By J.B. Ruhl
September 4, 2006
Here in Tallahassee we are in the throes of a debate over the merits of an “inclusionary zoning” ordinance that requires housing subdivision developers to set aside and intersperse 10 percent of new units as “affordable” to median income families, which here means a price tag of $160,000 (the median home price is closer to $200,000, beyond reach of the median family income, though probably a fantasy for people in many parts of the nation). The idea is that this will increase the stock of affordable housing and distribute it among higher-priced units rather than concentrated in some corner of the city. The building industry argues that this will backfire because (1) the reduced yield associated with the below market pricing of the affordable homes will be made up by higher prices for the unregulated units, which will (2) make demand, and thus prices, for existing homes at all above-median price levels rise, which will (3) reduce the total stock of affordable housing in the city. Also, they argue, development will leapfrog to areas outside of the city’s jurisdiction to avoid these rules, thus contributing to regional sprawl.
Even assuming the builders’ claims are overblown, there is some logic to them, and it would not be the first time a local land use regulation worked at cross-purposes within the jurisdiction and sent negative spillover effects into another jurisdiction. Indeed, land use is an area of law riddled with the properties of “NK/CS” systems.
Let’s say we were evaluating the long-term performance of cities in the realm of sustainable land use management. We’ve come up with a list of attributes, each of which, if implemented effectively, can contribute to the “fitness” of a city’s performance (e.g, traffic control, stormwater management, affordability of housing, public utility infrastructure, etc.). The problem is that each of those attributes could have an impact on how one or more other attributes perform. And as there are many cities in an particular state, it may be the case that a city managing its attributes effectively intra-jurisdictionally in fact causes problems for other cities in their management of their attributes. We could describe this as an NK/CS system, a model Stuart Kauffman introduced in Origins of Order and At Home in the Universe, in the following terms:
N = The number of attributes. (In our case, the collection of land use attributes cities are trying to optimize)
K = For each attribute, the number of other attributes that influence it depending on how they are managed. The maximum K therefore is N-1.
C = For each NK system (in our case, each city), the number of attributes of other co-evolving NK systems that influence its attributes.
S = The number of co-evolving NK systems (number of cities in our case) exhibiting C.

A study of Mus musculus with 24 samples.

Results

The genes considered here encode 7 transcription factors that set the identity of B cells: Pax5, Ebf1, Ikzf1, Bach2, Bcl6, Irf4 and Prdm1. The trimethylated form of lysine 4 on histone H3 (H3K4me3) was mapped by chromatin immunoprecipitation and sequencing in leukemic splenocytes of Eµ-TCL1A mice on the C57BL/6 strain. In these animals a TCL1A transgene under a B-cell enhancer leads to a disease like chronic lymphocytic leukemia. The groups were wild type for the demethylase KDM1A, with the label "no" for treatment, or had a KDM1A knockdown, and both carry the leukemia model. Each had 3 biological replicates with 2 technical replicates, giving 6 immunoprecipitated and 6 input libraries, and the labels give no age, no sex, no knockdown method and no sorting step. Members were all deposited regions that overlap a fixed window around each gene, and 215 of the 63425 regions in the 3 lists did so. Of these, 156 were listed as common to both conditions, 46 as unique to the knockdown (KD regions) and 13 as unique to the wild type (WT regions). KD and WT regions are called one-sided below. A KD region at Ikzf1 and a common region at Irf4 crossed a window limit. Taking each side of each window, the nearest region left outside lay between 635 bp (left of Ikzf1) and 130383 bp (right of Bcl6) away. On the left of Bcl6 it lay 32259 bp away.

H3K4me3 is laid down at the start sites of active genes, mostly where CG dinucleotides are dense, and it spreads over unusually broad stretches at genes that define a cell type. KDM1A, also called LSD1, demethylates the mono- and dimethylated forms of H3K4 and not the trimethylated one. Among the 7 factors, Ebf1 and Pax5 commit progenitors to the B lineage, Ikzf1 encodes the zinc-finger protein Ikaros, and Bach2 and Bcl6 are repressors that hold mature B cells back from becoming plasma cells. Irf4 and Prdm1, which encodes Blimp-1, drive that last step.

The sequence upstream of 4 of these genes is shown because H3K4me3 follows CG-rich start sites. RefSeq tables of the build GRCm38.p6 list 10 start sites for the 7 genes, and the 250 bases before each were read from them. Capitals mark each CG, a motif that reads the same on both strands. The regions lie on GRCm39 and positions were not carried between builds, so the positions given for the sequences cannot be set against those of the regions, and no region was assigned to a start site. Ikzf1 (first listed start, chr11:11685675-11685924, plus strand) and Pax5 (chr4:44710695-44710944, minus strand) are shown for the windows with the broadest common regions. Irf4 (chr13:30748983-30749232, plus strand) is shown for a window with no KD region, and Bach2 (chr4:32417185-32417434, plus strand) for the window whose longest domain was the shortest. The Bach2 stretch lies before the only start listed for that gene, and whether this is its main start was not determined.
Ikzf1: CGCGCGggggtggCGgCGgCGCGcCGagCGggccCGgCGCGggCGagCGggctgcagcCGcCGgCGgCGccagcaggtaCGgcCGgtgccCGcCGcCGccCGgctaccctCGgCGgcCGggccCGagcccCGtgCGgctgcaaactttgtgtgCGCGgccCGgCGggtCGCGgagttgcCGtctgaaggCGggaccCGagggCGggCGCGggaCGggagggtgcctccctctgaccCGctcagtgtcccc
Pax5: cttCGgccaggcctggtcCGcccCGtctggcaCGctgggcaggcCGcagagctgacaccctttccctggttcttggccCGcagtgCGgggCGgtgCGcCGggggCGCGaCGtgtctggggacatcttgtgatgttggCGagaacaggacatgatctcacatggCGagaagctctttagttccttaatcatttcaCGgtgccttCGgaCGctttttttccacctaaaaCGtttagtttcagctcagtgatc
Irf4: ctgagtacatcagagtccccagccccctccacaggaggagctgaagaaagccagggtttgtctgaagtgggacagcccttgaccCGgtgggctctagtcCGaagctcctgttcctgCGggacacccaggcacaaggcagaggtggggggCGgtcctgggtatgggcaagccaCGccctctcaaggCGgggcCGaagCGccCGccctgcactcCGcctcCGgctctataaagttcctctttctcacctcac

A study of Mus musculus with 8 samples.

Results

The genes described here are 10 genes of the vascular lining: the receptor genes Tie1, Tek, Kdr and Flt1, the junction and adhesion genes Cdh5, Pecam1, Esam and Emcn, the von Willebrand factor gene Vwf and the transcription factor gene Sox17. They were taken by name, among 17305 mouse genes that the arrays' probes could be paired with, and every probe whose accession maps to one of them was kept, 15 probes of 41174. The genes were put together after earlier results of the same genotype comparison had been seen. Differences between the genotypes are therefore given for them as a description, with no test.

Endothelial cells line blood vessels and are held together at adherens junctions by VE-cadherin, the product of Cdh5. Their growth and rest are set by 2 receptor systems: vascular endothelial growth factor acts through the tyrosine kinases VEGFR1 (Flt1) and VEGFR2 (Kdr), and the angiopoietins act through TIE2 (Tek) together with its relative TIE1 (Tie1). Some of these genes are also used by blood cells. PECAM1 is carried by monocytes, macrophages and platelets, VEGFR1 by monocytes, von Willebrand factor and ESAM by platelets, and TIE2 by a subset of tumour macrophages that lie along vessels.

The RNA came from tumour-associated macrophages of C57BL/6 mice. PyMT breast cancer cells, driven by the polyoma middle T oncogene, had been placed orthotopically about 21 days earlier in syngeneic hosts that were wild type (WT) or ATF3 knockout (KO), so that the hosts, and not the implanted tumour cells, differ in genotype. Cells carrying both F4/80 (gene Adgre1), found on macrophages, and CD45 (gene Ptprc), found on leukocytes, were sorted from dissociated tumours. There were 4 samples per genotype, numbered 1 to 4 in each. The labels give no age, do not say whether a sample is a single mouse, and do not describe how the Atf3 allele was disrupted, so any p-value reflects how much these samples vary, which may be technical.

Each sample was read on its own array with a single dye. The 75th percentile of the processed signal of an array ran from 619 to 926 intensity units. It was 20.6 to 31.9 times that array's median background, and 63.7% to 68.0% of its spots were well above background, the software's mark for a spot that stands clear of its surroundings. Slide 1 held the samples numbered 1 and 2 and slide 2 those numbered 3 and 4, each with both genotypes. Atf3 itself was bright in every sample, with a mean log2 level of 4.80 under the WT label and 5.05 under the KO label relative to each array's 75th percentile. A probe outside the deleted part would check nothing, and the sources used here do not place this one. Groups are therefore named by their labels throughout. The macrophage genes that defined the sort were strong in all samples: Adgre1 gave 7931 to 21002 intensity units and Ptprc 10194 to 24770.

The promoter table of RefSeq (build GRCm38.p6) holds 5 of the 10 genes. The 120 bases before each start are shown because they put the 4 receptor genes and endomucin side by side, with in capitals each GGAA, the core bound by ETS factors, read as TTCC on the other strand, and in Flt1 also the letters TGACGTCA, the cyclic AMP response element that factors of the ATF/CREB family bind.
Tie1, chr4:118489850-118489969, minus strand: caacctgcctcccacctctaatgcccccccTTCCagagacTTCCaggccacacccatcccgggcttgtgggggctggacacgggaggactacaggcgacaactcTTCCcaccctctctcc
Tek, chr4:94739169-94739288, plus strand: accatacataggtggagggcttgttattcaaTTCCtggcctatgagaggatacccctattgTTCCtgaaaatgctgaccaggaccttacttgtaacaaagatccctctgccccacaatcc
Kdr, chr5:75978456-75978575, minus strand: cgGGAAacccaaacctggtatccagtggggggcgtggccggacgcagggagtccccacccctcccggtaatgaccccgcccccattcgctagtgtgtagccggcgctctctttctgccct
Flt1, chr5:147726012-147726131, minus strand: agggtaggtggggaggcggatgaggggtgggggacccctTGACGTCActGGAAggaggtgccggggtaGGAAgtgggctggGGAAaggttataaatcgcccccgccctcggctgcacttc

This model captures the complexity of the balancing act each city has to perform among its attributes intra-jurisdictionally, as well as the co-evolutionary forces of inter-jurisdictional influence. NK/CS systems can exhibit a range of adaptive states. Sometimes the system is configured to reach a relatively high level of stability. When K is high, for example, there are so many conflicting constraints between attributes that the system can get “stuck” in highly ordered but sub-critical states. Or if C is low, then co-evolving NK systems do not deform one another’s fitness landscapes, so they can all settle in for the long haul without worrying about each other. Although these conditions may produce a high fitness level, the systems may have little resilience to external perturbations that significantly alter how the N attributes perform in their environment. On the other hand, if C is very high, each co-evolving NK system has to constantly respond to other NK systems’ moves in a Red Queen arms race of super-critical behavior. The result is likely to be mediocre fitness levels that nonetheless roll with the punches of external perturbation until something really big comes along. In between the sub- and super-critical ranges—in the transition regime between order and chaos—is where complexity theory posits that adaptive behavior can lead to both sustained levels of relatively high fitness and strong adaptive resilience to external perturbations.
Complexity theory models suggest that one way of manipulating NK/CS systems to find that sweet spot is to adjust the “patch size” of the co-evolving NK systems. In the land use context, for example, what is the best size for jurisdictions? The list of problems that appear to be too large in scope for the traditional city and county units of land use authority is growing: traffic, habitat loss, dwindling affordable housing, urban runoff, and the other of sprawl. Environmental issues such as watershed and ecosystem service management also don’t fit very well onto the city and county mosaic. Do we need larger patches? Many states have experimented with regional or state-wide management of certain land use issues, and while there has been some success, it has proven politically difficult to break out of the conventional approach. The land use system, after all, is just one of many within the complex array of state and local politics.
I’ll be referring back to the NK/CS system model in future posts exploring how disasters (thin tail events on the power law curve) and cumulative effects (lots of thick tail events adding up) can wreak havoc on legal systems.